Department: Editorial

Are you a transformational leader?

Thompson, Elizabeth M. MSN, RN, CNOR


In a few of my editorials, I've discussed leadership, both with the perioperative nurse at the bedside and the OR manager. Leadership failure has been identified as a major contributor to errors. Each one of us is a leader and manager of our environment, and every surgical suite and each OR needs a good leader.


Transformational leadership can be defined based on the effect it has on those who follow the leader, and leads to positive changes in followers. Transformational leaders "motivate and inspire people by helping group members see the importance and higher good of the task. These leaders are focused on the performance of group members, but also want each person to fulfill his or her potential."1 The model has four components: intellectual stimulation, individualized consideration, inspirational motivation, and idealized influence.

Through intellectual stimulation, the transformational leader encourages problem solving and critical thinking, and empowers followers to do what's best for the organization. For example, using the OR team wisely is an exercise in fiscal responsibility. By including staff in the decision making (an example of individualized consideration), managers promote creativity and ownership of solutions, and increase staff retention.

With inspirational motivation, the leader keeps the primary vision, in this case the best outcome for the patient, as the focal point and helps followers to share this vision. Keeping lines of communication open, supporting, and encouraging others is key in the perioperative nursing role to preserve relationships in the OR and maintain the primary vision.

Nurse managers can inspire and motivate staff through visibility and presence. By being visible, managers can develop and maintain relationships with staff and surgeons. Presence and visibility provide evidence that managers care about the practice and are interested in what staff and surgeons have to say.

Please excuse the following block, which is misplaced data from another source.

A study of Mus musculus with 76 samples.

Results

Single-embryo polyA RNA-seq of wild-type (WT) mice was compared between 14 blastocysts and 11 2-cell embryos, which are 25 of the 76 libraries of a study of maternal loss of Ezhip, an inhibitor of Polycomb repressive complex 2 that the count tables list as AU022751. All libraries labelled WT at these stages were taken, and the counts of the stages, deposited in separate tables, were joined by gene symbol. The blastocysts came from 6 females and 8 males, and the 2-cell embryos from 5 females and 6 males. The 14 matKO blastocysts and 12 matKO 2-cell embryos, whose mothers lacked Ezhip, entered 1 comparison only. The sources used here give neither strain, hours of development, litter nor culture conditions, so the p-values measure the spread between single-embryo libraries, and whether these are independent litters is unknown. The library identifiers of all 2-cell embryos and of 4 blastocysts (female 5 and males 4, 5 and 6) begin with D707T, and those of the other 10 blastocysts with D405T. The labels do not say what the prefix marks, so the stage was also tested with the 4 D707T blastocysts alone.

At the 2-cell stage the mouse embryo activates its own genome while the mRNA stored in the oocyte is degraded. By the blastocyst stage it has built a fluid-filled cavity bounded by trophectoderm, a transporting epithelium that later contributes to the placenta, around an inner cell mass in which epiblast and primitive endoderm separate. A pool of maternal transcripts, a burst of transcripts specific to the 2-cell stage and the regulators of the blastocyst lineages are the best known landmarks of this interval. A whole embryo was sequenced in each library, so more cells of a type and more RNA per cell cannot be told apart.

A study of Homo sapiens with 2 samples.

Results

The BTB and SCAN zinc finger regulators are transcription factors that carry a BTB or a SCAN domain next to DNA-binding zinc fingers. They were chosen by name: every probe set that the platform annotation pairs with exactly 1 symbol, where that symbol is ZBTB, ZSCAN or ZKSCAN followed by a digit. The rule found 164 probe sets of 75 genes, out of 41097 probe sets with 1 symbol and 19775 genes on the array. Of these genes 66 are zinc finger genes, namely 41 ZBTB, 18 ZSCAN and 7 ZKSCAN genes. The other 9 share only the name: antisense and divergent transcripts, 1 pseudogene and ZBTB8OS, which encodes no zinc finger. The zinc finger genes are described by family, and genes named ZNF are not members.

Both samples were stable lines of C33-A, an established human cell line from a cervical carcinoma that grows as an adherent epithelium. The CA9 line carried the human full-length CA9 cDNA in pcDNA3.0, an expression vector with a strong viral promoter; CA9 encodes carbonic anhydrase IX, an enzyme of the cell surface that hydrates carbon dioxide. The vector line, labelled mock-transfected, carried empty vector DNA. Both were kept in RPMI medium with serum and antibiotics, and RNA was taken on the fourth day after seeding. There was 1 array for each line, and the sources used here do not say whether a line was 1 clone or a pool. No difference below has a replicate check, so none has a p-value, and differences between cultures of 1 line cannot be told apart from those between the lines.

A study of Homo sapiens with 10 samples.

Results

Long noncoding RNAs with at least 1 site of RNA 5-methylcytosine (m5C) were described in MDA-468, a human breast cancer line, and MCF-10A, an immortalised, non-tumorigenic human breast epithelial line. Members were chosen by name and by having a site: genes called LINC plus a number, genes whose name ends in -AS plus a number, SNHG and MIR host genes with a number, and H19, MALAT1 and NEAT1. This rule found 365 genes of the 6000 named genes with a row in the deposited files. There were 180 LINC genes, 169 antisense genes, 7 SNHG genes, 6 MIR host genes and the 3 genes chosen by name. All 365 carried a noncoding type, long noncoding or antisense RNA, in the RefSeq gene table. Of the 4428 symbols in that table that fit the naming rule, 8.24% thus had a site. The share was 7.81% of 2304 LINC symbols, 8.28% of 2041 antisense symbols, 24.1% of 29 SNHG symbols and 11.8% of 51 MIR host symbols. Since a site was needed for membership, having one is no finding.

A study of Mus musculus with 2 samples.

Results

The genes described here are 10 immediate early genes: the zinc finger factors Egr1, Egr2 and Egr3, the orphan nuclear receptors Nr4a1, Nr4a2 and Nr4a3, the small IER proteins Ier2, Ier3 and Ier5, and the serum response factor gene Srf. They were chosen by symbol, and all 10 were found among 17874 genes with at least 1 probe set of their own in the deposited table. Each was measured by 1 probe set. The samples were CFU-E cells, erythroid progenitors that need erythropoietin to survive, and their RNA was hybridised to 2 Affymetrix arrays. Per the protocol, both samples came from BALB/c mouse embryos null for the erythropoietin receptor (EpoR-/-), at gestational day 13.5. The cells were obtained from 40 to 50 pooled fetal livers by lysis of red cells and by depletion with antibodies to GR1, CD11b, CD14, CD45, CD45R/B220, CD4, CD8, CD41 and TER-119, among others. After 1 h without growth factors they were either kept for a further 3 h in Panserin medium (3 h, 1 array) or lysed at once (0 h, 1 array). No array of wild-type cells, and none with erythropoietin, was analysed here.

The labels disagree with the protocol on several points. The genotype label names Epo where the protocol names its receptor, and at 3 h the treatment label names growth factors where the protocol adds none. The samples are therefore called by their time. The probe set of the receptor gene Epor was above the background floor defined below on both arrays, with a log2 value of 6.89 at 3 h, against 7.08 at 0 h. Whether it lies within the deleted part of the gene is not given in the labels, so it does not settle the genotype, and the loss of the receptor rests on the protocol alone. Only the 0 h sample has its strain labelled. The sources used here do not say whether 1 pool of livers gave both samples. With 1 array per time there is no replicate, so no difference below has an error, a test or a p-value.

Individualized consideration identifies the strengths in individual followers and supports growth. Preceptorship and mentorship of others, involvement in committees as well as providing staff development through education supports this component of transformational leadership. Role modeling exemplifies the characteristic of idealized influence. Members of the perioperative team will assimilate the behaviors of the leader into their practice. Speaking up, professionalism, supporting policies and procedures, as well as inclusion of all team members in decision making are all examples of positive influence.

All members of the operative team can take a leadership role during different points during the operative procedure. A good team allows for this toggle of leadership exchange and recognizes the value of promoting each member to engage in this role. The patient, organization, and the individual benefits when each member of the operative team takes a leadership approach and uses transformational leadership strategies.

Elizabeth M. Thompson, MSN, RN, CNOR



1. Cherry K. What is transformational leadership? http://psychology.about.com/od/leadership/a/transformational.htm.

© 2011 Lippincott Williams & Wilkins, Inc.